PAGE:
Motherhouse: beyond Fair Trade

October 1st, 2009 by Philip Brasor & Masako Tsubuku

The new Iriya store

The new Iriya store

There isn’t much that individual consumers can do to right the economic balance between the developed world and the developing world. Promoting sustainability in poorer regions basically amounts to paying local producers higher prices for products they export than what they are getting, something that multinational companies, which usually do the exporting, are not prone to doing. Given the gulf of distribution that separates the average housewife in Chiba and the average tea plantation worker in Sri Lanka, there’s very little the former can do to directly help the latter.

Except buy Fair Trade-labeled products. Various world organizations certify producers who guarantee, among other things, that their employees earn a decent working wage and give them some say in the operations of the farm or factory. Thus, when that housewife buys some black tea at her local Ito Yokado with a Fair Trade label on it, she can feel assured that more of her money is going to the people who produced it rather than a host of middlemen-multinationals.

But not always. NHK recently ran a Danish documentary about tea plantations in Sri Lanka and India that showed just how difficult it is. The filmmakers found that many Fair Trade-certified plantations did not extend benefits to workers, and that local officials charged with inspecting the plantations for the certifying bodies weren’t relaying this information, if they were relaying it at all.

Fair Trade is a system based on trust, but there are just too many opportunities along the line for that trust to be betrayed; which is why a company like Motherhouse is so important. Founded by 27-year-old Eriko Yamaguchi, Motherhouse manufactures jute bags in Bangladesh and then sells them in Japan. The workers in Bangladesh benefit directly from the sales in Japan because there are no middlemen; thus they have more of an effect on their own destinies as workers. Yamaguchi mainly acts as the quality control valve, designing and developing the merchandise, and then supervising its distribution in Japan. She has attracted a huge fan base of women from a wide age-range who appreciate her merchandise, and she has been very successful. She will soon open a store in Boston.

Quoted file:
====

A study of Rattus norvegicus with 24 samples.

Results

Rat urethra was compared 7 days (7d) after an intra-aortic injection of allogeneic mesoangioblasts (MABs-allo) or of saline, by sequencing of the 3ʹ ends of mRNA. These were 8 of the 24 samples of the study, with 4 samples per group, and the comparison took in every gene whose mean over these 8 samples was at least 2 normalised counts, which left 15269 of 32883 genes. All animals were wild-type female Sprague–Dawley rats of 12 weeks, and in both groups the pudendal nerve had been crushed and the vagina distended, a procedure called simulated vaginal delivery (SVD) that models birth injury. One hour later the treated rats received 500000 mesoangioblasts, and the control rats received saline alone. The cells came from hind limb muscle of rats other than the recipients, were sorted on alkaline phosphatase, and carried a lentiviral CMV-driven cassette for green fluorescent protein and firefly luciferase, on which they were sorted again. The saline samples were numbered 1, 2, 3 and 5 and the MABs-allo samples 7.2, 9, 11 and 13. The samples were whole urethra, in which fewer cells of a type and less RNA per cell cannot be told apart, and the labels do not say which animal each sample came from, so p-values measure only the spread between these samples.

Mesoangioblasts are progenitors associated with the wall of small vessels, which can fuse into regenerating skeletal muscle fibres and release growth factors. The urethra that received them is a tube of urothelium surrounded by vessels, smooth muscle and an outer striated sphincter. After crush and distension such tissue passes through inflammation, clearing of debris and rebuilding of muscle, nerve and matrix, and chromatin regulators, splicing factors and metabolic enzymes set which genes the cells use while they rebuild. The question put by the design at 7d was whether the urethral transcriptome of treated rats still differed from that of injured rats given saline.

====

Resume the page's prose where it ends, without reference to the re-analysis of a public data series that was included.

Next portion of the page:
Much of this success has been due to the enormous amount of publicity her sustainability business model has attracted. Almost every Japanese newspaper, NHK and even foreign press like the New York Times and Businessweek have covered Yamaguchi. Her story is worth reading, and definitely worth thinking about. And while Yamaguchi admits that it’s the “story” that has attracted attention to her work, the main reason she is successful is the quality of the goods. Buying something for the purpose of helping poor people is all well and good, but in the end it can be “meaningless,” in her words, if the buyer wouldn’t have bought it otherwise. Buying something because you really want to buy it not only helps those poor people but rationalizes what they are doing from a professional standpoint. That’s how they leave poverty.

Two weeks ago, she opened a new store near Iriya Station in Taito Ward, Tokyo. In addition to her jute bags and accessories from Bangladesh, the store also sells a new line of bags made in Nepal called Maitighar. Yamaguchi was at the opening, of course, and she said Motherhouse is expanding daily. She’s even been invited to speak at Harvard next month.